Two of three pygmy marmoset monkeys stolen from a Helensburgh wildlife park at the weekend have been found alive, but one remains missing.
Police were called to Symbio Wildlife Park about 8am Saturday, after staff discovered three Pygmy Marmoset monkeys missing, including a four-week-old baby.
After receiving a tip-off via Crime Stoppers, police pulled over a car at Appin about 3pm Sunday, and questioned two males. They searched the car and found the baby monkey.
A second monkey was found in the Campbelltown area later in the evening following extensive inquiries by Wollongong Local Area Command.
The two men in the car, a 23-year-old and a 26-year-old, were questioned by police, arrested and taken to Campbelltown Police Station where they were both charged with dealing with proceeds of a crime.
They will appear before Campbelltown Local Court on Monday.
Both monkeys have been returned to the wildlife park for further examination and care, while the whereabouts of the remaining monkey is still unknown, police say.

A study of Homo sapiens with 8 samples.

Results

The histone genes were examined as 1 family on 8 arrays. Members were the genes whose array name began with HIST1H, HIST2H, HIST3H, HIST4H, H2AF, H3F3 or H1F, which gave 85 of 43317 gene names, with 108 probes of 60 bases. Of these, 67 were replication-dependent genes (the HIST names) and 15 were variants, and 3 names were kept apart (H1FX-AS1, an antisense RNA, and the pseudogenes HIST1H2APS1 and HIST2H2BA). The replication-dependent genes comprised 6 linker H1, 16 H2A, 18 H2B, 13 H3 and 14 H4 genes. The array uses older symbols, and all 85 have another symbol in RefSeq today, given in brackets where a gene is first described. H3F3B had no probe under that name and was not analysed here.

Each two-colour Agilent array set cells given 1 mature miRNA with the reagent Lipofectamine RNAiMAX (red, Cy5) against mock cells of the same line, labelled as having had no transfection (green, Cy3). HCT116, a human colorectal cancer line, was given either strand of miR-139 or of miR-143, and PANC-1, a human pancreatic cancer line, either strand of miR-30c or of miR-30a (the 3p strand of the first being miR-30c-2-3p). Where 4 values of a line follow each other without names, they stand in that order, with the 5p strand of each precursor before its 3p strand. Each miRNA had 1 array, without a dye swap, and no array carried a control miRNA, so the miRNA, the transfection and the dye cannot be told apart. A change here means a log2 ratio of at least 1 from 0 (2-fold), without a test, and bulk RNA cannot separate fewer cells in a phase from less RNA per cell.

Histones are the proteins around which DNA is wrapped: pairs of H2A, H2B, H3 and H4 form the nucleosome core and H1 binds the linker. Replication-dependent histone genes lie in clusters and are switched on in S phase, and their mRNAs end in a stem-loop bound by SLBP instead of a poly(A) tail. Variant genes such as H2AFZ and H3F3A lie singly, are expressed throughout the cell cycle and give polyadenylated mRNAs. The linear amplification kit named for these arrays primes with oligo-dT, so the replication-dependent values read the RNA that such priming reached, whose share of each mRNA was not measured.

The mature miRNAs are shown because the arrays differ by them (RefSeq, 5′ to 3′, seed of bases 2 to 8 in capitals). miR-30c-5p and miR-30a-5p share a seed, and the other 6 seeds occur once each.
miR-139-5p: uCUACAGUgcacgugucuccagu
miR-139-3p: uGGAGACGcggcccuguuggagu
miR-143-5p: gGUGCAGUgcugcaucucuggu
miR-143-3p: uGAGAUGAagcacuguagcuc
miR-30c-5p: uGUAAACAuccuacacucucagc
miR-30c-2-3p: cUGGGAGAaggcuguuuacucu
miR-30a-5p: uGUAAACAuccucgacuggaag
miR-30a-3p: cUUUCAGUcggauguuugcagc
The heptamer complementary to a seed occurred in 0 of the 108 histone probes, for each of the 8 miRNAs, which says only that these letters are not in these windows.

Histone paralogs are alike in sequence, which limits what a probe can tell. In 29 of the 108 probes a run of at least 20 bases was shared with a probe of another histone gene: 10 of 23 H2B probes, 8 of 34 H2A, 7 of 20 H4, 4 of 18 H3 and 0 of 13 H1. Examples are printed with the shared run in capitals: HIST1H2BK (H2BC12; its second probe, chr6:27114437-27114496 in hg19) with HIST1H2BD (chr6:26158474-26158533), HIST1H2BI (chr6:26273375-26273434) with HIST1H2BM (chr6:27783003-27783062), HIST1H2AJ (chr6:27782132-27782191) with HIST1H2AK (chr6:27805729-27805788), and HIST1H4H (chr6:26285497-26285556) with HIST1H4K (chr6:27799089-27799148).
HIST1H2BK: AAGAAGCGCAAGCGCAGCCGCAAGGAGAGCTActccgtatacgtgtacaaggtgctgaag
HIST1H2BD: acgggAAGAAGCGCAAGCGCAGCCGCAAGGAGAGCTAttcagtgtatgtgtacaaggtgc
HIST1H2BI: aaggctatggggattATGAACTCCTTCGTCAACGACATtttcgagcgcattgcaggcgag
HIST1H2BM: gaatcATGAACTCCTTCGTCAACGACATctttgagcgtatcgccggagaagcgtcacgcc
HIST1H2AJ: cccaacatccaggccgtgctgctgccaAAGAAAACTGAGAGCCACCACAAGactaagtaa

Symbio’s general manager, Matt Radnidge, said the recovered baby was “less lively” than when last observed by zoo staff.
The creature – too young to have been given a name or to have had its gender determined - is undergoing tests before staff will attempt to re-introduce it to its enclosure.
The theft had split the monkey family down the middle, dividing two sets of twins and a mother and father, and interfering with a complex social structure that may prove difficult or impossible to re-establish.
“It's hard to say how [the reunion] will go," Mr Radnidge said.
“It can depend on a number of variables. Best case is, it goes swimmingly. We’ll be doing everything within our power and drawing on the knowledge of experts in the field as well as our own staff.”
“We’re working around the clock to get the outcome we need, but we are taking things very slowly.”
News of the recovery was bittersweet, he said.
“Obviously the guys were ecstatic to hear the news, but it’s a little bittersweet at this stage because the job isn’t totally done,” he said.
Staff had been particularly worried about the baby monkey, which is not yet taking solid foods and is completely reliant on its mother.
Its disappearance set in play a race against the clock, park operations supervisor Ryan Leahy told reporters on Saturday.
“Every hour that passes that this baby is not with its mother, the chance of it surviving diminishes,” he said.
Police continue to appeal for public assistance in finding the other missing monkey.
Contact Crime Stoppers on 1800 333 000 to assist police.